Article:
Spike Lee’s BlacKkKlansman was anticipated even before the bio-drama won the Grand Jury Prize at the Cannes Film Festival last May. The Focus Features release has become the Brooklyn-based filmmaker’s most successful box office title since 2006’s Inside Man. 

Adapted from the book of the same title by Ron Stallworth, who infiltrated the Ku Klux Klan in Colorado Springs, CO in the ‘70s, Lee told the audience at The Contenders NY that the film is not merely a little-known historical throwback. He was drawn by the true story, in part because of its relevance today. 

“Going into my fourth decade making films, timing is everything. For this film, it happened [as a result] of the difficult times we live in,” Lee said.  

John David Washington stars as Stallworth, the first African-American detective to serve in the Colorado Springs Police Department. Determined to distinguish himself, he set out on a dangerous mission — infiltrate and expose the Ku Klux Klan. Soon, he recruits a more seasoned colleague, Flip Zimmerman, (Adam Driver) to join him. Together, the duo take down the hate group as the organization aims to sanitize its violent rhetoric to appeal to a mainstream audience. 

“My co-writer, Kevin Willmott, and I knew we could connect [BlacKkKlansman] to today,” Lee said. “I know it takes place in the ‘70s, but we thought, ‘Wait a minute.’ The Klan [flourished] in the 1920s, but this [societal hatred] is recycled.”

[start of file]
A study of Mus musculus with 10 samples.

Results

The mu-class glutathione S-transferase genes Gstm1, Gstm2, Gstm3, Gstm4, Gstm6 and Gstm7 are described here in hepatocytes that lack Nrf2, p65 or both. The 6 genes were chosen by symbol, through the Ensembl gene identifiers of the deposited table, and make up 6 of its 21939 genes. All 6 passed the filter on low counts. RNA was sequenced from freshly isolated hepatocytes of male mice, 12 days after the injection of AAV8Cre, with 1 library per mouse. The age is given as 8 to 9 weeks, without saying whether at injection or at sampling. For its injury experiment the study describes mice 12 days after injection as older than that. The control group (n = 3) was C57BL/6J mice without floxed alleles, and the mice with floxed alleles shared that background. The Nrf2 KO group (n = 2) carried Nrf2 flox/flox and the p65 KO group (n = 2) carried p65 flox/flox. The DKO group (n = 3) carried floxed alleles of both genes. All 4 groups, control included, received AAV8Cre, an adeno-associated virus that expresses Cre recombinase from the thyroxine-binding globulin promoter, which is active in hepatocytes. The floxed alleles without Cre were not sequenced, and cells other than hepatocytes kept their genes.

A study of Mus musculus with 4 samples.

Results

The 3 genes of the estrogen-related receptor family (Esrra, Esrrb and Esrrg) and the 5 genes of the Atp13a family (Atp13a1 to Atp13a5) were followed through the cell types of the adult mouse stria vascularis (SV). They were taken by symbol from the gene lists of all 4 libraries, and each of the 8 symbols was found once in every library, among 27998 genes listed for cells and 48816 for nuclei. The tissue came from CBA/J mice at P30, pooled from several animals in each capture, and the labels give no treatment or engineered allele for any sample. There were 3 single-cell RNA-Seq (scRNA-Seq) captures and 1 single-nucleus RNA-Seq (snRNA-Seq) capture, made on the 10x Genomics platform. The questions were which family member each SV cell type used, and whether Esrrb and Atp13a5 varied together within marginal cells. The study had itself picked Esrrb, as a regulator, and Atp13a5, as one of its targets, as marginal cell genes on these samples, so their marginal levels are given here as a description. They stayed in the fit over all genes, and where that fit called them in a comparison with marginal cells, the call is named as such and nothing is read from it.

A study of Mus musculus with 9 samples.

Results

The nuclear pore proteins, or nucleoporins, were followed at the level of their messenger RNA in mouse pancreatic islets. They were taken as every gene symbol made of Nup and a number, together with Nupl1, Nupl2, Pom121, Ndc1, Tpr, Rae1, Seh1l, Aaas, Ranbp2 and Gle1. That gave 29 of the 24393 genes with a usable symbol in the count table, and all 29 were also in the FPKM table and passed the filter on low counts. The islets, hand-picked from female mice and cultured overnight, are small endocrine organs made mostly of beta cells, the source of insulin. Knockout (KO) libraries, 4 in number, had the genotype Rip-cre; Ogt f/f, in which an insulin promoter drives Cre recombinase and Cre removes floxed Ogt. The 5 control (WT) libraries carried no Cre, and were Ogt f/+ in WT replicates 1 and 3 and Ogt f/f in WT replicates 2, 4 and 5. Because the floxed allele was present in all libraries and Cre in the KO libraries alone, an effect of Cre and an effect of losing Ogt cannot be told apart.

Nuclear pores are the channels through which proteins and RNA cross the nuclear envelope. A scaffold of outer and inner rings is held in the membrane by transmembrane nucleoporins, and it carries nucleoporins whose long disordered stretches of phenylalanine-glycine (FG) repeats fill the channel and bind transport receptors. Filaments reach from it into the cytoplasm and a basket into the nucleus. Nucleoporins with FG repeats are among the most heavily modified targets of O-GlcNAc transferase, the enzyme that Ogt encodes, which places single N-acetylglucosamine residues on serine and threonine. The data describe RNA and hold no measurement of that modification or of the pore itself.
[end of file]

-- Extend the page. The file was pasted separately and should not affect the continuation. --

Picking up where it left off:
It may be oddly apropos that today’s Contenders event at the DGA Theater in New York is only blocks away from Trump Tower. Though the talent and filmmakers have yet to mention POTUS by name, he has nevertheless loomed, with many on stage calling out the ‘dark times’ that have become backdrops to their movies. 

“He puts a mirror of society up to you, but he doesn’t throw it down your throat,” effused Laura Harrier, who plays Patrice Dumas in the film. 

Actor John David Washington, who stars as Ron Stallworth, said that meeting the former detective was a cornerstone in helping him shape his onscreen portrayal. On one occasion, Stallworth shared a haunting momento from his time inside the Klan.

“Ron kept his KKK card. He showed it to us and it’s signed by David Duke,” said Washington. “He was extremely generous with all of his information. We talked [extensively] man to man about being black in the ‘70s… It was a dream come true.”